PARIS — L’Oréal’s sales accelerated in the fourth quarter, rising 5.5 percent on a like-for-like basis, spurred by its luxury business and Asia, and beating financial analysts’ projections.
The world’s largest beauty company registered sales of 6.51 billion euros in the three months ended Dec. 31. In reported terms, the revenues declined 4.1 percent versus the same prior-year period, when sales from The Body Shop remained consolidated.
L’Oréal released its results after the close of the Bourse on Thursday in a statement including commentary from Jean-Paul Agon, company chairman and chief executive officer. Looking ahead to full-year 2018, he said L’Oréal is confident it will once again outperform the beauty market “and achieve significant growth in like-for-like sales and an increase in profitability.”
It’s not new for the company to foresee outpacing the market, but how Agon termed it struck a chord.
The guidance came on the back of gains in both the fourth quarter and full year.
L’Oréal’s revenue uptick in the fourth quarter outpaced the analysts’ consensus estimate of a 5 percent rise and surpassed Sanford C. Bernstein & Co. LLC’s estimate of a 4.8 percent uptick, according to Andrew Wood, an analyst at the investment firm, in a note. He wrote the sales increase marked the highest level for L’Oréal since the third quarter of 2016.
“The overall number was better, but the category mix was reassuring, as well, as all four divisions grew,” said Quiroga.
On a comparable basis, sales in the fourth quarter advanced 9.8 percent for the L’Oréal Luxe Division; 8.4 percent for the Active Cosmetics Division; 3 percent for the Consumer Products Division, and 2 percent for the Professional Products Division.
“As for the regional mix, positive points were the good growth in Western Europe, where year-on-year comps were very tough, and the return into double-digit territory in emerging markets, especially Asia,” continued Quiroga, referring to the zones’ gains of 1.9 percent, 13.2 percent and 18.8 percent, respectively.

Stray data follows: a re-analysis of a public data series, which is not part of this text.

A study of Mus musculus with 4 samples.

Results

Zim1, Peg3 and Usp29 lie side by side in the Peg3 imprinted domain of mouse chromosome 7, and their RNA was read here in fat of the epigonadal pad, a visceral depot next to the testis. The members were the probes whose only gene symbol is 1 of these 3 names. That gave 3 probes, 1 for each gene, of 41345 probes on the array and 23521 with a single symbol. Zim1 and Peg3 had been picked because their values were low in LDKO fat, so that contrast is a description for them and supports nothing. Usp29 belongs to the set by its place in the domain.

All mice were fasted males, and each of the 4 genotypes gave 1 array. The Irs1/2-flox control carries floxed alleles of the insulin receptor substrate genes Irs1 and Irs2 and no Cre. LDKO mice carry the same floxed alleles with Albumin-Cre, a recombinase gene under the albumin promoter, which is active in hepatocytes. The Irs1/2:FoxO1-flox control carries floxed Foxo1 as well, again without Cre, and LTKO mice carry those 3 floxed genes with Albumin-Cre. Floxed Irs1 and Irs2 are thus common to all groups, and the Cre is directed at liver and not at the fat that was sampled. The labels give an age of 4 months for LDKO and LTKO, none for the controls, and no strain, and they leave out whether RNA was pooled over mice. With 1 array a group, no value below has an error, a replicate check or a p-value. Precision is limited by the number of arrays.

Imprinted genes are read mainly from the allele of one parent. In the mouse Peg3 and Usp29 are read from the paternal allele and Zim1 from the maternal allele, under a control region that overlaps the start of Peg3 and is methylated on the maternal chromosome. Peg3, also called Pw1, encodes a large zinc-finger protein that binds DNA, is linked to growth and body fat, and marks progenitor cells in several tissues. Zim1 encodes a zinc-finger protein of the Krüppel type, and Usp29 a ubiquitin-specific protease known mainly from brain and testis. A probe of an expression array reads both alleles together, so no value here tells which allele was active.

Wood wrote that the strong increase in New Markets, which also include Latin America, Eastern Europe, plus the Africa and Middle East region, “is further evidence that the [emerging markets] are ‘back.’”
Analysts noted the weak growth in North America, where sales declined 0.8 percent on a comparable basis.
L’Oréal said while the makeup category’s performance there was boosted further by the brands NYX Professional Makeup and L’Oréal Paris, hair care “is proving less dynamic. The L’Oréal Luxe Division has slowed, against a background of inventory reductions. Yves Saint Laurent and IT Cosmetics, however, have continued to record double-digit growth.”
Quiroga considered some of the issues being faced “not surprising post-Estée Lauder (weakness in certain channels) and P&G (destocking), but the reference to weakness in hair care [was] disappointing.”
Net profits at L’Oréal for full-year 2017 were 3.59 billion euros, up 15.3 percent against 2016. Operating profit grew 3 percent to 4.68 billion euros, and operating margin — coming in at 18 percent — was a record for the company.
Sales at L’Oréal were 26.02 billion euros, representing a 0.7 percent rise in reported terms and a 4.8 percent gain on a like-for-like basis.
“In a beauty market that pursued its steady growth in 2017, L’Oréal had a good year with sustained sales growth momentum and robust profits,” said Agon. “As announced the second half accelerated compared with the first, particularly in the fourth quarter with 5.5 percent like-for-like growth.
“All the divisions recorded sales growth, especially L’Oréal Luxe, which is delivering spectacular growth, particularly in Asia,” he continued. “The Active Cosmetics Division achieved more than 2 billion euros of sales for the first time. Growth in the Consumer Products Division is being slowed by the continuing difficulties in the American and French markets, while sales in the Professional Products Division improved at the end of the year.”
The executive highlighted that eight of L’Oréal’s brands now generate sales of more than 1 billion euros.
“As for the geographic zones, the New Markets exceeded more than 10 billion euros of sales for the first time ever, thanks especially to the dynamism of the Asia-Pacific zone,” said Agon. “Performance in Western Europe remained solid.”
L’Oréal’s e-commerce sales jumped 33.6 percent to reach 2 billion euros, while the company consolidated its number-one rank in travel retail during 2017, its 40th year in the channel.
Agon said he expects that in 2018 the beauty industry will remain “dynamic and contrasted.”